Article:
Common Misconceptions About CBD
As CBD soars in popularity, cropping up in products from muscle rubs and teas to mascaras and lubes, misconceptions about the cannabidiol are also skyrocketing. So what are people getting wrong?
1. “CBD still gets you high.”
True, CBD comes from the same plant as THC, but it does not get you high or make you feel intoxicated. In fact, some experts argue that CBD helps counteract the anxious, paranoid, “scary high” feelings of THC and can work as an anti-psychotic.
2. “CBD shows up on your drug test.”
It’s a little more complicated that that. Drug tests screen for THC, the psychoactive intoxicant agent in cannabis. CBD is non-psychoactive and non-intoxicating, but more importantly, has a different chemical structure than THC.
That said, using products with isolated CBD (vs. full spectrum) will not produce THC positive test results. Using full spectrum products means that your CBD source has 0.2% THC or less content, meaning it may show up on a drug test. For that reason, when using hemp products, practice caution and look for test results with LOQ or as low as THC as possible. Generally, sipping on a nice CBD tea or eating a bar of chocolate will transmit very little (if any) THC into the body.
3. “CBD is medical, THC is recreational.”
While many people think of CBD as the “medical part” of the marijuana plant and THC as the “fun, recreational part,” THC has awesome therapeutic properties beyond making you high. To list a few, THC is a powerful anti-inflammatory agent, helps reduce nausea and boosts appetite.
On the flip side, CBD can also be used recreationally. Sure, it isn’t a “high” but even if you don’t use CBD to treat a specific ailment, you can incorporate CBD into your day to day.
4. “CBD converts to THC in your stomach”
Ingestible CBD is exceptionally well-tolerated by humans and many animals, with few side effects. CBD converting to THC in the stomach is definitely not one of those side effects.
There have been extensive clinical trials demonstrating that ingested CBD – even doses above 600 mg – do not cause THC-like psychoactive effects. The World Health Organization even weighed in on the issue, reporting in 2017 that “spontaneous conversation of CBD to delta-9-THC has not been demonstrated in humans undergoing CBD treatment.”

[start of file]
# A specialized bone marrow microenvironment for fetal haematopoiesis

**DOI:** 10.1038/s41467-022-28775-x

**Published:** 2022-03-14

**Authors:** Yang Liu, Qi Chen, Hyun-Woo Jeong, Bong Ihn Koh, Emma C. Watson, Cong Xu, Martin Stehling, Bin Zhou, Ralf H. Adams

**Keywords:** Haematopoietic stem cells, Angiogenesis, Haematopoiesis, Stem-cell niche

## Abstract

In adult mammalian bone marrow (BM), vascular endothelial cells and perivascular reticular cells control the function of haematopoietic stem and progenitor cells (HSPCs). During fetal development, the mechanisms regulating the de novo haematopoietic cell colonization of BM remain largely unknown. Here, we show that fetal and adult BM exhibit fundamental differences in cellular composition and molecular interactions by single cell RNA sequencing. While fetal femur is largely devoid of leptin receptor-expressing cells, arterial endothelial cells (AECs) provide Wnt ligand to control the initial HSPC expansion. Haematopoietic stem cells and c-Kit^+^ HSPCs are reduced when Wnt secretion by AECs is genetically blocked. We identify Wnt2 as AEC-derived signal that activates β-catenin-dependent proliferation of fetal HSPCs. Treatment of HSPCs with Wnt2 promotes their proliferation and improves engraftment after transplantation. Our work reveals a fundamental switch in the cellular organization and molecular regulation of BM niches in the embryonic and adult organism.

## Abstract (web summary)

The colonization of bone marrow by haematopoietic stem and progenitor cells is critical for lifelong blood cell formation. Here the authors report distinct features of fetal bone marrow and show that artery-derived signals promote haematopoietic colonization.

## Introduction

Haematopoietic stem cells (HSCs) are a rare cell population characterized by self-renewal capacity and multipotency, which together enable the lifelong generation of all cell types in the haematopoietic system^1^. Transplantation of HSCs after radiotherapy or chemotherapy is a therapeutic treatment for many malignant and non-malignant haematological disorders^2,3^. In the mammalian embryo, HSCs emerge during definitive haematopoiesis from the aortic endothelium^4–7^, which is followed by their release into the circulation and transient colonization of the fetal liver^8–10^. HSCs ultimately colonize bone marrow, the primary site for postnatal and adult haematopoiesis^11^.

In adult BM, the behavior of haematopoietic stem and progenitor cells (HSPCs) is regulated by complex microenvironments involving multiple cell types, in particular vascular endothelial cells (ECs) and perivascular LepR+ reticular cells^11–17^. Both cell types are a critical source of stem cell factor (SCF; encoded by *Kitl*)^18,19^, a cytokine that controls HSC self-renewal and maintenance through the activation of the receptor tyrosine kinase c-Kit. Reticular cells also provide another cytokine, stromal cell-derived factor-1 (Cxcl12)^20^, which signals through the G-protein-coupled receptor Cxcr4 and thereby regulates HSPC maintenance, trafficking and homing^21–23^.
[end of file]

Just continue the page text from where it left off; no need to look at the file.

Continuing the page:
5. “CBD will make me sleepy.”
While many enjoy CBD for its relaxing and pain-relieving properties (especially when mixed with other soothing botanicals and herbs such as in CBD Tea), moderate doses of CBD are actually mildly energizing. Most people feel alert and focused after taking CBD, rather than buzzed or jittery (like after drinking coffee or consuming too much caffeine). Very high doses of CBD can be sleep-promoting, but CBD is not a sedative.
6. “High doses of CBD work better than low doses”
Low doses of CBD are just as effective – and sometimes more effective – than very high doses. Both CBD and THC have biphasic properties, meaning that low and high doses can product opposite effects. (For example, a low dose of THC is mildly energizing while a very high dose can promote sleep). Depending on your needs, a large dose of CBD could actually be less effective than a moderate dose!
7. “CBD derived from hemp isn’t as good as CBD derived from marijuana.”
Many people think CBD should be sourced form marijuana plants rather than hemp. This just isn’t true, and we’re here to squish this myth. CBD is just as powerful if sourced from a hemp plant versus a THC-heavy marijuana plant, if the hemp plant used is female. Forget that picture you have in your mind that “hemp” is only stalky male plants that takes 1000s of pounds to produce any CBD. That’s not modern hemp farming.